I'm wondering if leaving this feature enabled drains the laptop battery while it's turned off. I've searched online already but haven't found a conclusive answer.


3 Answers 3


Fast Startup = NO


Fast Startup combines elements of a cold shutdown and the hibernate feature. When you shut down your computer with Fast Startup enabled, Windows closes all applications and logs off all users, just as in a normal cold shutdown. At this point, Windows is in a state very similar to when it’s freshly booted up: No users have logged in and started programs, but the Windows kernel is loaded and the system session is running. Windows then alerts device drivers that support it to prepare for hibernation, saves the current system state to the hibernation file and turns off the computer.

Hibernate = NO

Hibernation is kind of a mix between a traditional shut down and sleep mode primarily designed for laptops. When you tell your PC to hibernate, it saves the current state of your PC—open programs and documents to your hard disk and then turns off your PC. Then when it’s time to start it up again all your previous work is ready and waiting for you. Unlike sleep mode, it doesn’t use any power, but it does take longer to start up again.

Sleep mode = YES

in sleep mode, all the above mentioned data is kept in RAM, which is volatile meaning the RAM must be kept powered to retain the data. But sleep mode uses far less power to maintain inactive data in RAM with the operating system doing nothing as opposed to a running system.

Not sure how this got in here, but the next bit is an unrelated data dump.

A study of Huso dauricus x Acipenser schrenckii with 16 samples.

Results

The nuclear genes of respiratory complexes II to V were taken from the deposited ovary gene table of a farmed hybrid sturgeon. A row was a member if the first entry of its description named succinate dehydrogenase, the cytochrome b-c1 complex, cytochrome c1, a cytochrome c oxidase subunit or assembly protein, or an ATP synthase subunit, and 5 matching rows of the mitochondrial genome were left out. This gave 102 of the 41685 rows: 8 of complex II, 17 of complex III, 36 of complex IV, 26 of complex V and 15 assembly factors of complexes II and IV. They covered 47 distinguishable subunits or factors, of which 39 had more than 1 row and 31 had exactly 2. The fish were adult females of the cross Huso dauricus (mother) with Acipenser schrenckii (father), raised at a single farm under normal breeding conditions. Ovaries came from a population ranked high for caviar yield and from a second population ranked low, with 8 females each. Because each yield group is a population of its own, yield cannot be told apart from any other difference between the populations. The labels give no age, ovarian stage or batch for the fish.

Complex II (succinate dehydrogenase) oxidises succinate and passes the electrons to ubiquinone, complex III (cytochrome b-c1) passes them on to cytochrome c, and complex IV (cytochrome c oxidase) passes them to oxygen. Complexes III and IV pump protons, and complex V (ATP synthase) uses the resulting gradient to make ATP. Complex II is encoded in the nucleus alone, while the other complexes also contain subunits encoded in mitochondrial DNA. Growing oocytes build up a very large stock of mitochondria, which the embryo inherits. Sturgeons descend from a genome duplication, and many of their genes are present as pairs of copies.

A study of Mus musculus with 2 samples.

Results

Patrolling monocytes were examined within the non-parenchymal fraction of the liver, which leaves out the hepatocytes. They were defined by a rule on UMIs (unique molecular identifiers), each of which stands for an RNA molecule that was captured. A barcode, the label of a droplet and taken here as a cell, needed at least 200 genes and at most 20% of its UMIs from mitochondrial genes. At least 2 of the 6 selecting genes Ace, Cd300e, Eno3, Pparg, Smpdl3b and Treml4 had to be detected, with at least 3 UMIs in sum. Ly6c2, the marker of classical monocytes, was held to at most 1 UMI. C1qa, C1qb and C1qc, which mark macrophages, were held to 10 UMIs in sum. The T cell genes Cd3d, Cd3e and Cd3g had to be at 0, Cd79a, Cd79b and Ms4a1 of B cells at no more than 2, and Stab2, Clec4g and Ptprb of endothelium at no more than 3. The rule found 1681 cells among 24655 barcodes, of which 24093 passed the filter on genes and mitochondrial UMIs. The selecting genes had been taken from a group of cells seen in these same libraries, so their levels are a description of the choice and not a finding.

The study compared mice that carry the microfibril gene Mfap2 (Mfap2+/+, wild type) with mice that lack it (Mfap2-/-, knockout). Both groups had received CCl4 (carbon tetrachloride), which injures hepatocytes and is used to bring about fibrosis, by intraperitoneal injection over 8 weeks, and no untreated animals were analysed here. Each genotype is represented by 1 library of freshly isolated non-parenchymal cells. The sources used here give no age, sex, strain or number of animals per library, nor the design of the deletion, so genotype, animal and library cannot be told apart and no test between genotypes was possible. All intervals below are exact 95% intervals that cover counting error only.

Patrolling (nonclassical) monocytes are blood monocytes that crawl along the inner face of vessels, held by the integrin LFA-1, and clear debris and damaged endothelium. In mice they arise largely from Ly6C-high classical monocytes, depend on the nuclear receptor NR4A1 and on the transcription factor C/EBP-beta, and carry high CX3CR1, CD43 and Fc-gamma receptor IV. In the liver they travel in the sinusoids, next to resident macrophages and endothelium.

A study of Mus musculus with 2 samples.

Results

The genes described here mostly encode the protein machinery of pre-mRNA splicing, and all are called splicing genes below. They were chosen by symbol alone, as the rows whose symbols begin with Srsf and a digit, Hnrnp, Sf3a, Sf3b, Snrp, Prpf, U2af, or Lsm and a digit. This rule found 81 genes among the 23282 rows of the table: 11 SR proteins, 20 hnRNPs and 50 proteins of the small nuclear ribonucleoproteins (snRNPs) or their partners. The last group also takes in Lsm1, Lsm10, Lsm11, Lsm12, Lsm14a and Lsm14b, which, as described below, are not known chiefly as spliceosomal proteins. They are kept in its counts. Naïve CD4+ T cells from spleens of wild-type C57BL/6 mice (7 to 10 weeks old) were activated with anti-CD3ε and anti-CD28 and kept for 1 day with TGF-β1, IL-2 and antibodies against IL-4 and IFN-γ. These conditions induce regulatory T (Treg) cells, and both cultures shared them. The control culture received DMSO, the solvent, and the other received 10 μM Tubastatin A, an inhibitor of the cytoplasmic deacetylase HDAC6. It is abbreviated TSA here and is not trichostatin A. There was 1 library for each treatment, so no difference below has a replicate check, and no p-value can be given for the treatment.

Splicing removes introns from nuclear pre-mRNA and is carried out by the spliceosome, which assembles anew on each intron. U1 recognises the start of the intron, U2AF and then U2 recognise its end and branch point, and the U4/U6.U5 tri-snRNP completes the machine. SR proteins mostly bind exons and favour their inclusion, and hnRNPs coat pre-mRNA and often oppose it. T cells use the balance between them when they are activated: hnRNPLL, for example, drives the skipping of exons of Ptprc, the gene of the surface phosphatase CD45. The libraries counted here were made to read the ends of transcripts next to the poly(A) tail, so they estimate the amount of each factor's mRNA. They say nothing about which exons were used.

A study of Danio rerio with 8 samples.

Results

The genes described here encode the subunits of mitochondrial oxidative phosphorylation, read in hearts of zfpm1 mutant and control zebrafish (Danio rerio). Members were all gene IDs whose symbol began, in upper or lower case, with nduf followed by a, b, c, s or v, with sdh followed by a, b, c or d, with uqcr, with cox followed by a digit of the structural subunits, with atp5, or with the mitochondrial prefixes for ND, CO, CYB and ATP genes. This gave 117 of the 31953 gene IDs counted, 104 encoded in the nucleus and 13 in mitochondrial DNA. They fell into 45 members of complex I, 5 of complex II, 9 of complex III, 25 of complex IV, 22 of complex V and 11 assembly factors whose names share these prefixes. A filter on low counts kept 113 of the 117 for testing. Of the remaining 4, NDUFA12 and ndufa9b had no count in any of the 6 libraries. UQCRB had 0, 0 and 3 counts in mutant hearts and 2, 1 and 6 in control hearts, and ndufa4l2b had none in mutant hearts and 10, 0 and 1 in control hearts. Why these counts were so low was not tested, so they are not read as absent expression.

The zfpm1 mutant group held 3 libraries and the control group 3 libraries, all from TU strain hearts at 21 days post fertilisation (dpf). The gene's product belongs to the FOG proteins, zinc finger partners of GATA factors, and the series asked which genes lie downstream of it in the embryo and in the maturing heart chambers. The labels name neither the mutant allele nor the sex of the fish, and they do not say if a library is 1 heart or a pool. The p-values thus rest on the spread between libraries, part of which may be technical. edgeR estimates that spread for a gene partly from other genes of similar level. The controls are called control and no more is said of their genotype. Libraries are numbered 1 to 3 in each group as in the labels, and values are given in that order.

• 9
    @Mast Are you sure they're in hibernation while blinking, and not simply sleep?
    – 8bittree
    Oct 3, 2019 at 17:56
  • 4
    This raises the question, why would anyone want to use Fast Startup when it's just a half-assed implementation of Hibernate?
    – Hobbes
    Oct 3, 2019 at 18:40
    – Aaron
    Oct 3, 2019 at 21:20
    – hobbs
    Oct 4, 2019 at 5:16
    – TripeHound
    Oct 4, 2019 at 7:38

With Fast Startup, Windows closes all applications and logs off all users, alerts device drivers that support it to prepare for hibernation, saves the current system state to the hibernation file, and truly turns off totally the computer.

The battery is no longer used during the time that the computer is turned off, although it should be noted that every battery loses some of its charge over time, although slowly. On another note, if Wake-on-LAN is enabled, then some small amount of power is used for maintaining the network adapter in a semi-sleep state.

When you start the computer again, Windows does not have to reload the kernel, drivers, and system state individually. Instead, it just refreshes your RAM with the loaded image from the hibernation file and delivers you to the login screen. At this point, Windows is in a state very similar to when it’s freshly booted up.

The conclusion is that Fast Startup does not add to the power drain in any way more than cold shutdown.


I have has fast start running on two laptops and a desktop here for 4 years. As noted above, there is no power drain because of fast start up when powered off. I can remove the laptop battery when powered off.